One of many taxes Democrats have suggested levying to fund an expansion of health care entitlements is a repeal of the health care benefits tax exclusion. Sen. Max Baucus, chairman of the Senate Finance Committee and a key player in the current reform cycle called this option “perhaps the best way to raise money for an overhaul of the health care system”. Though President Obama savaged Sen. John McCain for proposing to repeal the exclusion before the 2008 elections, his administration now appears open to similar plans.

Employees currently pay no taxes on their health care benefits. This problematic quirk forces Americans to buy insurance through their employer or pay a tax penalty on individually purchased insurance policies. Employers tend to offer a highly constricted set of plans. Biasing the market toward employer coverage restricts individual choice and hides the true cost of insurance.
Leveling the playing field between the employer and individual insurance markets would be a good thing – if “leveling” merely meant balancing a repeal of the health care tax exclusion with a flat tax cut elsewhere.  But Democrats are only offering to raise taxes, in violation of Obama’s “pledge”.  Efficiency gained within the health care market will be squandered in the economy at large. Higher tax rates will reduce incentives to work, and new government spending will misallocate resources.
Nor are Democrats willing to allow individual insurance markets to benefit from reform. They favor a cap rather than a repeal of the tax exclusion – which would leave the market only slightly less skewed toward employer coverage. And many Democrats also propose employer mandates that would cement the current employer based system.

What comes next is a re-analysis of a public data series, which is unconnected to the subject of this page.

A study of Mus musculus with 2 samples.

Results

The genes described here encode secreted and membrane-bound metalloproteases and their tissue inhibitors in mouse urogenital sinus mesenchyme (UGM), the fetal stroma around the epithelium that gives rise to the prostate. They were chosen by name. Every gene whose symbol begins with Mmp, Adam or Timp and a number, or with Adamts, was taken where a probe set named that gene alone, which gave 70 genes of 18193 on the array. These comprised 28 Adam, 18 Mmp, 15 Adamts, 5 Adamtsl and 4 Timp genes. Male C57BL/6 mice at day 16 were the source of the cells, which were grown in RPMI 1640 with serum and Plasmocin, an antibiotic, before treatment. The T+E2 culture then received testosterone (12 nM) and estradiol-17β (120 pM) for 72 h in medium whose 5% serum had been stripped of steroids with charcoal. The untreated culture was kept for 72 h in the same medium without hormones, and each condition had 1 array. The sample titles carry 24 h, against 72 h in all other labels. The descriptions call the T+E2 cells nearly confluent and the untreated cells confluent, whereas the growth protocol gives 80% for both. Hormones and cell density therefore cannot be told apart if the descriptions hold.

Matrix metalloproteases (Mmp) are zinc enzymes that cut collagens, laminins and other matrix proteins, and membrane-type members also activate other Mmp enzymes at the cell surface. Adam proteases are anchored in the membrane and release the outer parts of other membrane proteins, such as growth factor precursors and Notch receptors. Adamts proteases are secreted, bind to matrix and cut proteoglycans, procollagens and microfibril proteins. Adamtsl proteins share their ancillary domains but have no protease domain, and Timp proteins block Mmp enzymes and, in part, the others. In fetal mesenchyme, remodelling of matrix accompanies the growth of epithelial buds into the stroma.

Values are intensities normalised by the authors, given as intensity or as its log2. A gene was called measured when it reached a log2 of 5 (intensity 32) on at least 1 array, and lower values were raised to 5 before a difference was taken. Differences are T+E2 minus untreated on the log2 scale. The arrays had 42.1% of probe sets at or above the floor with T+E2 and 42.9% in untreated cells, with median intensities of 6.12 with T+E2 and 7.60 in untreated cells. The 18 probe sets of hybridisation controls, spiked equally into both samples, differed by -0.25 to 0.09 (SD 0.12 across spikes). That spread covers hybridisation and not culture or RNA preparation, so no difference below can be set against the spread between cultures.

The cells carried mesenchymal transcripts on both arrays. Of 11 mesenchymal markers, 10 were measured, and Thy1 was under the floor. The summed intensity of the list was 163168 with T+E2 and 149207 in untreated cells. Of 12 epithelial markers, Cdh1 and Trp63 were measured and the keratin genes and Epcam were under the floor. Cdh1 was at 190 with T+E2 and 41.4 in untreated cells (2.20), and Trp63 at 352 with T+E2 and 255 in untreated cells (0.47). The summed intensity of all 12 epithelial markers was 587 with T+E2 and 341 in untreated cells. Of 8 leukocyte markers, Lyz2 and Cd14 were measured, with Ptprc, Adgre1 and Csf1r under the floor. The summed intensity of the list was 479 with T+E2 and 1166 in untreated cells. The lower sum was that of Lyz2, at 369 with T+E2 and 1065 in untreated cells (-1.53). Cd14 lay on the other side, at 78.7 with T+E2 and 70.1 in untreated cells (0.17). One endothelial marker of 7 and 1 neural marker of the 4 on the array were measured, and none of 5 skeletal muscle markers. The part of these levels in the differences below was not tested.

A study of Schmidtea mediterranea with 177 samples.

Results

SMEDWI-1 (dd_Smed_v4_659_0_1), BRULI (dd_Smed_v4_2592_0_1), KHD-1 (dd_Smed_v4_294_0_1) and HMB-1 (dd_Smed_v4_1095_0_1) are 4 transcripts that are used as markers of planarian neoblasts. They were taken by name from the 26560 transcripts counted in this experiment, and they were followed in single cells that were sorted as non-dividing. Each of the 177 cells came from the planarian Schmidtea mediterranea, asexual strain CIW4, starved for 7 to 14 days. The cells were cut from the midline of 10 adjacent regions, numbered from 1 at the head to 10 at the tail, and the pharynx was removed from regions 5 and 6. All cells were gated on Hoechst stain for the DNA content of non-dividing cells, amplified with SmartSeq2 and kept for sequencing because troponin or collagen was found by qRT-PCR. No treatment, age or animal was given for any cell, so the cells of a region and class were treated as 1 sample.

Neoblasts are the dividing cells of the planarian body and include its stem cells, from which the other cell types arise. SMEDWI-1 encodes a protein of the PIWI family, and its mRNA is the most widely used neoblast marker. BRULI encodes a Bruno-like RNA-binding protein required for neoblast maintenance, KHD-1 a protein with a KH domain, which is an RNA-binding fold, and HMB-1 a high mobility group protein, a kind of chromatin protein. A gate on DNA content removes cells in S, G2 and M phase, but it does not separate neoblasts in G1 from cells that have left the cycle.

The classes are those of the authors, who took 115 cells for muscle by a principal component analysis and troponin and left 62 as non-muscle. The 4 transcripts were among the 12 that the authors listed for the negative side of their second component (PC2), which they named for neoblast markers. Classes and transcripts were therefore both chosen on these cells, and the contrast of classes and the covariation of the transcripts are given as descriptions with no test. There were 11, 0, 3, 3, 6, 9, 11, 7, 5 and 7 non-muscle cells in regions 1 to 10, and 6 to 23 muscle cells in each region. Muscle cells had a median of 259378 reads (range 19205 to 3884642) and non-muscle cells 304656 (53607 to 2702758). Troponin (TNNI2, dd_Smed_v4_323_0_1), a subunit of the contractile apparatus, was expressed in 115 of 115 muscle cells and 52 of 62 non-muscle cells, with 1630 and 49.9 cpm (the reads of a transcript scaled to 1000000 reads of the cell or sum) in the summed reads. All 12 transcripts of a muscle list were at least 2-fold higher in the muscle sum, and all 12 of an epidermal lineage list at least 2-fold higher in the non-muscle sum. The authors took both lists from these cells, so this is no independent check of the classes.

Health reformers dreaming of a more vigorous individual insurance markets should look for other ways to achieve their goal. Even if the roadblocks created by Democratic proposals were overcome, taxing health care benefits would remain broadly unpopular. Opponents range from staunch Democrat loyalists like the International Brotherhood of Teamsters to the business community – which would have to pay higher taxes on wages.
If free-market reformers rally behind a repeal of the exclusion, they risk hanging themselves with a huge new tax for no gain. Instead, they should work to extend tax exempt status to the individual insurance market. This could be achieved by expanding Health Savings Accounts (HSAs) as Cato’s Michael Cannon proposes. Alternatively, Sen. Jim DeMint’s Health Care Freedom Plan would create tax credits for individuals and families purchasing insurance outside their employers. These plans allow a more transparent, competitive individual insurance market to thrive without threatening vested interests or supplying funds for conflicting proposals. Sincere reformers should rally around these simple, effective measures.